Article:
Intel has hopped onto the Arm investment bandwagon, rubbing shoulders with tech giants like Apple, Alphabet, and Samsung, according to a report by Tom’s Hardware. This move by Intel coincides with Softbank’s preparations to take Arm public, with plans to offer a whopping 95.5 million shares at a price range of $47 to $51 each. The company’s valuation stands at an impressive $52 billion, surpassing the near-deal where Arm was almost sold to Nvidia for $40 billion, an agreement that crumbled in 2022 due to regulatory hurdles, including the Federal Trade Commission’s lawsuit seeking to block the acquisition.
Now, you might wonder why Intel, a company known for its x86 chips, would cozy up to a competitor like Arm. Well, the answer lies in efficiency. Arm’s chip designs have proven to be more power-efficient compared to Intel’s x86 chips. Stuart Pann, Senior Vice President and General Manager of Intel Foundry Services, confirmed this investment during the Goldman Sachs Communacopia & Technology Conference Call. He emphasized that around 80 percent of TSMC’s wafers are embedded with ARM processors. By embracing Arm at this level, investing in it, and forming partnerships, Intel signals its serious intent to play in this arena because in the chip manufacturing game, if you’re not working with Arm, you simply can’t be a major player.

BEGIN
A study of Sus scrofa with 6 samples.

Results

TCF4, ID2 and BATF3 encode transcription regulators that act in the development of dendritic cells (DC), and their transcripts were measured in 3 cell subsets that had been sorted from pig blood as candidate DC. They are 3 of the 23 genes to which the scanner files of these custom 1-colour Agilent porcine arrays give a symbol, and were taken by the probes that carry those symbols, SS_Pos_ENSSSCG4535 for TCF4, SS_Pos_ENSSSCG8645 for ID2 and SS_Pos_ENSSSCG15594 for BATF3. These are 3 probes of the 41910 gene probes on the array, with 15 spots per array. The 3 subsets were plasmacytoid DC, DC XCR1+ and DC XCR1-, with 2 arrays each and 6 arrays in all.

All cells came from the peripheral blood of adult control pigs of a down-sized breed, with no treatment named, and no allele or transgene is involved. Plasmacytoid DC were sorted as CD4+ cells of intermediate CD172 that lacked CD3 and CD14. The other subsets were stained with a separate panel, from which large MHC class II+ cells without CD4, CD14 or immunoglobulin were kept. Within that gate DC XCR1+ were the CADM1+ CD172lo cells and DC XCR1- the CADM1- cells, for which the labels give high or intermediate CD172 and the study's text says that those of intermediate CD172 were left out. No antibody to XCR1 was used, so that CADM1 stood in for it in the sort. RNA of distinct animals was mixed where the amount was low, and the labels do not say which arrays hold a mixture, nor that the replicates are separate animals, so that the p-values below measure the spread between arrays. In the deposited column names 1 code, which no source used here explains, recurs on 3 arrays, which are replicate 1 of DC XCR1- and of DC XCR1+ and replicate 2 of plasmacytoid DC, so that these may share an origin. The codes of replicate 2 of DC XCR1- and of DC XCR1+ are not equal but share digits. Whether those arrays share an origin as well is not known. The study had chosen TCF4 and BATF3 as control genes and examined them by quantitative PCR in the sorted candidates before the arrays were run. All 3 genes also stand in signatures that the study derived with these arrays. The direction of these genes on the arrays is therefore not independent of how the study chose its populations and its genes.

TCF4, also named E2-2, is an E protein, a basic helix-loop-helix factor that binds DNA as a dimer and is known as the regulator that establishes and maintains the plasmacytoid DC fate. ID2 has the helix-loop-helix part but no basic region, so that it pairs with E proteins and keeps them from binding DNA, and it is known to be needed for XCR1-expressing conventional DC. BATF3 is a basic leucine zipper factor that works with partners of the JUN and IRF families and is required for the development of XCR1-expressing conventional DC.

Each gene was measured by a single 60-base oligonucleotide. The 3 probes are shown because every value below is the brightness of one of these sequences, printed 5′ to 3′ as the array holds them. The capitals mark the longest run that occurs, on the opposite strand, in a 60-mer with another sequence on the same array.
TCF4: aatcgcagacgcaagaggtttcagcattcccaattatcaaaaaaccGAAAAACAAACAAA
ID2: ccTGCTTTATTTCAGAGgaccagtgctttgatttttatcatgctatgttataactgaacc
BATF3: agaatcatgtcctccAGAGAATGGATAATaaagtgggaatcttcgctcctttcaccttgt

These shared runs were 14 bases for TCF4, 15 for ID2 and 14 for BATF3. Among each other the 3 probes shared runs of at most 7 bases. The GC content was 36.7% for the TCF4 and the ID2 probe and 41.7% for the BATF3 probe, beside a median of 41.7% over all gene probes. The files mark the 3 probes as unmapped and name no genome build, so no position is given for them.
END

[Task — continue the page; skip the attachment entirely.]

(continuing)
As an “anchor investor,” Intel can look forward to better access to Arm’s future chip design intellectual property (IP), which it can then put into production through its expanding contract factory initiatives.
But that’s not all. Intel has its eyes set on other low-power chipsets, including RISC-V. Pann noted that this is where the “volumes” lie in the brave new world of mobile-first computing. This move reflects Intel’s acknowledgment that its previous efforts in this space haven’t quite hit the mark compared to its nimbler rival.
Intel’s decision to jump into the Arm investment fray comes at a time when the semiconductor manufacturing industry is experiencing tremendous growth, backed by government incentives. Earlier this year, the Biden administration opened the floodgates for companies to tap into a $39 billion fund earmarked for semiconductor manufacturing. In a related development, Apple recently extended its licensing agreement with Arm, stretching it all the way to 2040. Apple has a long history with Arm, being one of its original supporters, and now relies on Arm’s technology as the backbone of its entire product lineup.
So, as the tech industry continues to evolve and reshape itself, it seems that even giants like Intel are willing to adapt and collaborate with former competitors to stay ahead in the game. The future of chip technology is indeed an exciting, ever-changing landscape.